Japan hanged three convicted killers, its Justice Ministry said Thursday. The hangings are the first executions under the new government, continuing a secretive practice that has appalled human rights groups and made Japan an outlier among wealthy democracies.
The three inmates were identified in Japanese media as Masahiro Kanagawa, convicted in a string of stabbings five years ago; Keiki Kano, sentenced for murdering a bar owner; and Kaoru Kobayashi, convicted of abducting and killing a 7-year-old girl.
“All of these cases were extremely brutal; the precious lives of the victims were robbed for very selfish reasons,” Justice Minister Sadakazu Tanigaki told reporters Thursday after the executions, the Japan Times reported. Tanigaki said the courts had thoroughly considered the cases. “I decided to order the executions after carefully going over all of the various aspects.”
Executions in Japan are carried out under a shroud of secrecy. Until about five years ago, Japan did not even reveal the names of the executed. Prisoners are given only a few hours’ notice that they will be put to death. Their families find out afterward.
Hangings are closed to inmates’ and victims’ families, the media and the public, and even glimpses of the execution chambers are rare. When Japanese lawmakers successfully petitioned to visit the Tokyo gallows a decade ago, it was the first time any outsider had seen them since 1973, according to activists.
In some ways, the Japanese criminal justice system “gives the impression of an authoritarian system, not a democratic one,” said David T. Johnson, a sociology professor at the University of Hawaii at Manoa. “And executions may be the ugliest part of the whole lot.”
What little is known about life on Japan’s death row comes largely from the few prisoners who have been freed. Former inmate Masao Akahori, who was retried and released after 31 years on death row, told The Times he was so traumatized after his ordeal that for years, he could not speak.
The prisoners “were not allowed to communicate, but we would knock on the walls at the back of the cell to make sure the other guy was OK,” Akahori told The Times seven years ago. Once, he said, guards came to fetch him for execution, only to realize that they had gone to the wrong cell.
Death penalty opponents say that the secrecy is engineered to avoid the candlelight vigils and media attention that surround disputed cases in the United States and elsewhere. Government officials have told reporters that the system is meant to ensure privacy and soothe the prisoners awaiting death.
“According to the government, a blanket of isolation and quiet must cover death row to assist those who are to be executed in coming to terms with their inevitable fate,” Washington Post opinion writer Charles Lane wrote, reflecting on his studies on the Japanese death penalty in 2003 and 2004. “Any other policy, I was told, would result in psychological damage.”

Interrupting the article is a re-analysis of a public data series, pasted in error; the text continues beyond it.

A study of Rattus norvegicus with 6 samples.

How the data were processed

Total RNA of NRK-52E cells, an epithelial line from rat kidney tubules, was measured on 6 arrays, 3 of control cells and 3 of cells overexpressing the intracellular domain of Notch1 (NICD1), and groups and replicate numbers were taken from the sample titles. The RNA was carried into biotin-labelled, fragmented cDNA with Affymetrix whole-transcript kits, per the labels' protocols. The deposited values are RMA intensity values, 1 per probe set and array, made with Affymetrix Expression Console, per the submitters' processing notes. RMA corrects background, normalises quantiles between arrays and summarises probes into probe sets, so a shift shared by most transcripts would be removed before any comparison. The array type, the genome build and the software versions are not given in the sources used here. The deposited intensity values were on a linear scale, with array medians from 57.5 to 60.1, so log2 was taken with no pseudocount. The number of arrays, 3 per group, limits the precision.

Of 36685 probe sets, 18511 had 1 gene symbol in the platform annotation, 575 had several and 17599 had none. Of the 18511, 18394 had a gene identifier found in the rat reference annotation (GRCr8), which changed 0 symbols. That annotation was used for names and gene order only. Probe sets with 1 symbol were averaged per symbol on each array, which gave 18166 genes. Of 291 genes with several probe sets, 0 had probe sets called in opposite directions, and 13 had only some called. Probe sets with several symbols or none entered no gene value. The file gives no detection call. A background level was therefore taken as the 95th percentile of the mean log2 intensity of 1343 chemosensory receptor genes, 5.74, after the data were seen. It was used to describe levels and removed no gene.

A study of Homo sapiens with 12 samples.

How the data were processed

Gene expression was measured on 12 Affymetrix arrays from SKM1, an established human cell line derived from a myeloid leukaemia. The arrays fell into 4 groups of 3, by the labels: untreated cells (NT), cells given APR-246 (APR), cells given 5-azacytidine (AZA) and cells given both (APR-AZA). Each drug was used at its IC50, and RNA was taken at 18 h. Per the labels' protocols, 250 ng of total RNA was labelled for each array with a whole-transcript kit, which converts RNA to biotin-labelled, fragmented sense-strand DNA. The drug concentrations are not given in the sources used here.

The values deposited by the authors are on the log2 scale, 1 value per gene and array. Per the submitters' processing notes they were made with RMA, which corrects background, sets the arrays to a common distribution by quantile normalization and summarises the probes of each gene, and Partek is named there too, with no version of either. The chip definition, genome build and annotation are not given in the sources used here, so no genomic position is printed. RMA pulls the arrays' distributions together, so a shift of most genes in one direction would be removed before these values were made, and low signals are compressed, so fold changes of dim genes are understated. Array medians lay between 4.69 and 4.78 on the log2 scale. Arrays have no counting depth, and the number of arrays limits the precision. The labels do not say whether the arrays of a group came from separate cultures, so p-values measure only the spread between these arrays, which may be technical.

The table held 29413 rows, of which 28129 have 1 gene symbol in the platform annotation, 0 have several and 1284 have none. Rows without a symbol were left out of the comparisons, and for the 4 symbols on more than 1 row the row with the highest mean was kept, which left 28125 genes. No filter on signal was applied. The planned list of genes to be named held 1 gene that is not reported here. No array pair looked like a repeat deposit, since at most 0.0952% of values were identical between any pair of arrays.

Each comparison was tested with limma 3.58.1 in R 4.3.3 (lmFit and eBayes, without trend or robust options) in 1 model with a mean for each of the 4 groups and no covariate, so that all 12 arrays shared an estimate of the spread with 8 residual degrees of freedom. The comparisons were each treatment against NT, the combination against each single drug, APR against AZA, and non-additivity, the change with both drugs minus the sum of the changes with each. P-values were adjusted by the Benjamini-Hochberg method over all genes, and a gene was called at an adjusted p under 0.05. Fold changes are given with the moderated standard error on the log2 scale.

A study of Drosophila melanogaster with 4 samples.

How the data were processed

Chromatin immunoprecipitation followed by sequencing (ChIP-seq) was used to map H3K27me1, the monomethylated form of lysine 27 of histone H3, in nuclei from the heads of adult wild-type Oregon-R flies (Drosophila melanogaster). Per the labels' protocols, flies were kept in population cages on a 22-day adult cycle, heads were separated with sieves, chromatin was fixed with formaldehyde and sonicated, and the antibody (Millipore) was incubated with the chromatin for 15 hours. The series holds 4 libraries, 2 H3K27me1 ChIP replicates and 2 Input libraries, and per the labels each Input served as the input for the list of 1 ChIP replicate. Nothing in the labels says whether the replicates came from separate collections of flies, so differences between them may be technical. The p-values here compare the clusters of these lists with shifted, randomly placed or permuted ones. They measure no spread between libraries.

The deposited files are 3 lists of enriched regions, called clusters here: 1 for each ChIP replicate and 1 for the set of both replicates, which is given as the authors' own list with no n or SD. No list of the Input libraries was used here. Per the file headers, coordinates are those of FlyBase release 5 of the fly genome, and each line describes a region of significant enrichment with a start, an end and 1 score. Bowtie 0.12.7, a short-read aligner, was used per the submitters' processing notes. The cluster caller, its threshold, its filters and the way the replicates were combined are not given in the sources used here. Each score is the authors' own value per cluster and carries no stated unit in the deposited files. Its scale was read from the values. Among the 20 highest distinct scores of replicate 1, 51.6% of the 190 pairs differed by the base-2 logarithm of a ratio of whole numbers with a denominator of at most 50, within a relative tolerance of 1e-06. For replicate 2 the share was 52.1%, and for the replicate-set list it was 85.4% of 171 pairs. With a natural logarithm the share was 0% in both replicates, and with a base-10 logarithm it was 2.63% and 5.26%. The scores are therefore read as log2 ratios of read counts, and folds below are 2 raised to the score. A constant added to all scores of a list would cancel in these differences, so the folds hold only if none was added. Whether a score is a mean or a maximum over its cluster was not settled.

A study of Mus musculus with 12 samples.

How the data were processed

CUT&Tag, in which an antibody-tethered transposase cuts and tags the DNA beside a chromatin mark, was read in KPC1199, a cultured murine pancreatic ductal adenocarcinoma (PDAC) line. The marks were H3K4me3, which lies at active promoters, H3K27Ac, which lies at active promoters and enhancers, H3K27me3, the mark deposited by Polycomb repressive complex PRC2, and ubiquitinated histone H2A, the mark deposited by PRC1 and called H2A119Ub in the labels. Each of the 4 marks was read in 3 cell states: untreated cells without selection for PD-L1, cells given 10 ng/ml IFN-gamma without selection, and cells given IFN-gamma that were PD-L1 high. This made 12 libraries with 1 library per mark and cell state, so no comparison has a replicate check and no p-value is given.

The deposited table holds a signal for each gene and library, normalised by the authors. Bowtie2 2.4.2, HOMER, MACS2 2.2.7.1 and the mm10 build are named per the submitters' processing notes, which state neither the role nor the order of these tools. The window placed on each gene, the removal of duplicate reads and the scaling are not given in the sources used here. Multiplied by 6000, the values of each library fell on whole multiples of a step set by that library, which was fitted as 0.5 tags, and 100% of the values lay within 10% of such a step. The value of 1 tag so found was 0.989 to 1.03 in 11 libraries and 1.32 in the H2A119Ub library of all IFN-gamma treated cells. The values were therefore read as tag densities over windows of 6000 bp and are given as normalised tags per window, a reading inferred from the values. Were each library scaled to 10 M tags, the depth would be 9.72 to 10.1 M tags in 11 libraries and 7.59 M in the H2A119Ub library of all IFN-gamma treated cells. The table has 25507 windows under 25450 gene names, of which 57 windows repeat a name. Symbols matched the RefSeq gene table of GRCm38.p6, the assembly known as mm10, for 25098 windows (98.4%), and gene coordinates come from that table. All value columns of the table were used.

Japan’s Supreme Court has found execution to be extreme but not “cruel,” which would violate the constitution. Government polls have continued to show overwhelming support for the death penalty, despite the continued objections of local and international human rights groups and the Japan Federation of Bar Associations.
There are now 134 inmates on death row in Japan, one of the highest levels in decades, according to Amnesty International. Executions declined while the more liberal Democratic Party of Japan was in power, with no prisoners put to death in 2011. Human rights activists worry that executions could accelerate again under new Prime Minister Shinzo Abe, whose government oversaw an unusually high number of hangings during his last term.
“The fear is that this marks the beginning of a new wave of coldblooded killing by the State,” Roseann Rife of Amnesty International said in a statement Thursday.
There have already been signs of change: The Justice Ministry recently discontinued its study groups examining the death penalty, Johnson said. Reaction to the latest hangings seems muted. Abe and his Liberal Democratic Party appear to be returning to the same practices as before.
“They’re kind of going back to the future,” Johnson said.
About two-thirds of countries do not use the death penalty, according to Amnesty International. Japan and the U.S. are unusual among wealthy democracies in imposing the punishment.